Sonu woke up with a start. He rubbed his eyes and peeped at the darkness inside the little shanty. He looked at the small clock beside him. Exactly that moment, it shrieked, informing him that it was 4am.
He walked to his trunk at a corner and wrenched it open. The mild thud echoed through the little space as the two figures, his mother and his little brother shifted in sleep. As he dressed silently, with his usual Kaaki-coloured knickers and an off-white t-shirt, his mother woke up.
“Ready?” Her voice sounded hoarse. Sonu smiled at her. Her mother lifted herself and opened her arms beckoning her eight-year-old son. He grinned and ran to her side. She kissed him on his forehead.
“Take care. Don’t burn yourself. Be pleasant. More importantly, smile. I’ll have the food ready before you return so that you won’t be late to school.”
Sonu nodded and ran out of the shack, as fast as his lanky legs could carry him.
His mother’s eyes welled up as she shifted her gaze from the closed door to a photo precariously hung above it. “The past year has been a battle to survive. I hope you are looking after our son.” She mumbled, wiping her tears off the sari.
Meanwhile, Sonu reached the shop. It was already open and a few men were seen sipping at their glasses. He hurried inside and greeted the owner. The middle-aged man smiled patting his shoulders gently and off the boy sprinted, to help making tea and serving it with love to all the customers, who filled the shop for the next three hours.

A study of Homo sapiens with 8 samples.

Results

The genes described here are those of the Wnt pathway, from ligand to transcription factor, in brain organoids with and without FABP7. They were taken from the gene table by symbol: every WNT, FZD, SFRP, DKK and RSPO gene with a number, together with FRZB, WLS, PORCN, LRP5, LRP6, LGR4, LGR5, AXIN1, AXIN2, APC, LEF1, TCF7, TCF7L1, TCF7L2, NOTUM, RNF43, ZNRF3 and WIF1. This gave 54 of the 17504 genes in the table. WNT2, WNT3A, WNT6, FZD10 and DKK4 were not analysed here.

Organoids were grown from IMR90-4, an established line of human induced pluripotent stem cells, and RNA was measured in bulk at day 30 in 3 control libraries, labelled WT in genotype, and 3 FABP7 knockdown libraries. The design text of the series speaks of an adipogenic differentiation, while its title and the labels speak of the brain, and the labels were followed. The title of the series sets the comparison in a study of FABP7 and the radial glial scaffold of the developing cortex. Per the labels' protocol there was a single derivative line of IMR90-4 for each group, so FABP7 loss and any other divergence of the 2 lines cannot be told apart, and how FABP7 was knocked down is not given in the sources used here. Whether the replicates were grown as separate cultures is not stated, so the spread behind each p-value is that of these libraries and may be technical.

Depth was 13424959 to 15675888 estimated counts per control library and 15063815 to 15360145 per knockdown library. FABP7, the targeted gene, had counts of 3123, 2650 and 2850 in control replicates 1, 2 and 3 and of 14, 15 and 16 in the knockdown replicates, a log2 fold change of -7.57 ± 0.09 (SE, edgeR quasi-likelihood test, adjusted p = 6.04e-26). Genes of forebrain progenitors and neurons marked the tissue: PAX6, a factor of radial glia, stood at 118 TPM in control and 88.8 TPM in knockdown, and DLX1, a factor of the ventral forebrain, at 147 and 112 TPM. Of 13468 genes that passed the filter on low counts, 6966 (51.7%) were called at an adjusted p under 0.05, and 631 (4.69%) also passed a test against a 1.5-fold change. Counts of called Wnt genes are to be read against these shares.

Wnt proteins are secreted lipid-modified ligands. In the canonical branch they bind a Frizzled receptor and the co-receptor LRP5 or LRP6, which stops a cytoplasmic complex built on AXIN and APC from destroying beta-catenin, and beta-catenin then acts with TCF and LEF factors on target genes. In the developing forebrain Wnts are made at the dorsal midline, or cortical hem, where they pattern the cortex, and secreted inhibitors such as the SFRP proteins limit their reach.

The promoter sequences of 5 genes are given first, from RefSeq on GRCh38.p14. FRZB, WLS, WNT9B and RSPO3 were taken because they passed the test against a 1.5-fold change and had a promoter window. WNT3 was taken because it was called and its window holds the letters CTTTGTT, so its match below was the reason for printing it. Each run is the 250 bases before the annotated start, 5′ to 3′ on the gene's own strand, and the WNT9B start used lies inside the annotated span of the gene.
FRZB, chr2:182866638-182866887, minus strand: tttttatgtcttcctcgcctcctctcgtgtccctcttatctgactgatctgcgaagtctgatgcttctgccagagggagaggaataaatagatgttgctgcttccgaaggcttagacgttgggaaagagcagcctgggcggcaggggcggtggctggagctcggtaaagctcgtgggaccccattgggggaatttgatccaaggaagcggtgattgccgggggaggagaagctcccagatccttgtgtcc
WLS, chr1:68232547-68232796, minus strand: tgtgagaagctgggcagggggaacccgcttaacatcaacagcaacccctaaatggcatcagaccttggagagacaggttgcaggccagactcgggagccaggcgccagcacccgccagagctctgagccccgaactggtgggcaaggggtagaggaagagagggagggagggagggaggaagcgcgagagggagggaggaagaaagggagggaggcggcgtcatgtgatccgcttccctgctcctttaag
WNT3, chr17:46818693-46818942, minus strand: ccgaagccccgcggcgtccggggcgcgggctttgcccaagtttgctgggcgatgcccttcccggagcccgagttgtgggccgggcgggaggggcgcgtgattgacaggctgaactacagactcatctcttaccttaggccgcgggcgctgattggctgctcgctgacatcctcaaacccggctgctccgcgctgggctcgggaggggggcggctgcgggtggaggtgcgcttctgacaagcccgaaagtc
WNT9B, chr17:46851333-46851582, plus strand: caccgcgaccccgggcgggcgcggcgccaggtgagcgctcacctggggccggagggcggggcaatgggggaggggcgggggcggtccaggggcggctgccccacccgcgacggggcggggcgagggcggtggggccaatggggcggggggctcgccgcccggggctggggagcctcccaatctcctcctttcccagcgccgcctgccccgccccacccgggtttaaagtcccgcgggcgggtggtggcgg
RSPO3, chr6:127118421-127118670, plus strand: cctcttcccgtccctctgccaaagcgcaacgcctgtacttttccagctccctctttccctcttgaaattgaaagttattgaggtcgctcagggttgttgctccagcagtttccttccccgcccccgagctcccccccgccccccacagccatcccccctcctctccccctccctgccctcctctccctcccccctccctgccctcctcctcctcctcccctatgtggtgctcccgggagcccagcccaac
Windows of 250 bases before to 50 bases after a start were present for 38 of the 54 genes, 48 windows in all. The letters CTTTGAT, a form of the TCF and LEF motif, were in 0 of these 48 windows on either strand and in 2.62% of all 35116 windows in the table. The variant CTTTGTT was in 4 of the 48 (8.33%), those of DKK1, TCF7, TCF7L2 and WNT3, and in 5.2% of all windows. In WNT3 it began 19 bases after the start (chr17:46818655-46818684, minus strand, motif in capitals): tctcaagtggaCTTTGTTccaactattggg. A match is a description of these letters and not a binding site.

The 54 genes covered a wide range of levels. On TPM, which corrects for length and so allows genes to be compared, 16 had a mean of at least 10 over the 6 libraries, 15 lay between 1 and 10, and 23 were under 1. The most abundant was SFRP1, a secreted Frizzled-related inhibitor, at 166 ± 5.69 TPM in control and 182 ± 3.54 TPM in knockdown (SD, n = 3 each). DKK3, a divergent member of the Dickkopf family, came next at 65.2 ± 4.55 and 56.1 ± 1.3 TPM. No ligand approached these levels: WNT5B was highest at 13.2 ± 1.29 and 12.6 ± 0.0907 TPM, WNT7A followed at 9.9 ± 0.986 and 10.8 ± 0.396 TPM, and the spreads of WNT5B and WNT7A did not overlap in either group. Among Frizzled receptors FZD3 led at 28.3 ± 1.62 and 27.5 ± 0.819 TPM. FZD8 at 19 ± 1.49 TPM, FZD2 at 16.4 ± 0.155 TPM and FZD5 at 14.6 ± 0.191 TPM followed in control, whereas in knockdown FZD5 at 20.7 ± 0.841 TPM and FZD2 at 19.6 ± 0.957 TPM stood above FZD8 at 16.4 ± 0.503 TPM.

This had been Sonu’s usual morning routine for a year now. Over time, he had become a known face in the place and to the customers, that everyone liked him. His smile was deemed contagious that it lighted up everyone’s day. People chose to be served by him.
But, that morning saw him exhausted. The usual spring in his step was missing. Concerned enquiries were shirked off, although he was feeling hungry even after his morning tea. Sonu had been trading sleep to studies lately, as his exams were scheduled in a week.
As he placed another plate of Idlis and piping hot Sambar to accompany, a sense of longing betrayed his eyes. His smile got wiped off for a moment, as his stomach rumbled with unattended hunger. He quickly gathered himself and disappeared with a smile. But, Abdul Mama, a regular customer, was quick to pick the missing piece. He knew what to do. He called him and placed his order. In minutes, Sonu served the Idli-Sambar combo lovingly. An inaudible sigh escaped him, as he turned away for the next order. Abdul Mama called him.
“Sit here, child. This is for you,” he said pulling a chair and pushing the plate towards him.
“No mama…” Sonu’s voice choked.
“Aakhir dil tho chahtha hai, Munna..dil ki baat tho suno..,” Abdul beamed at him feeding him a mouthful.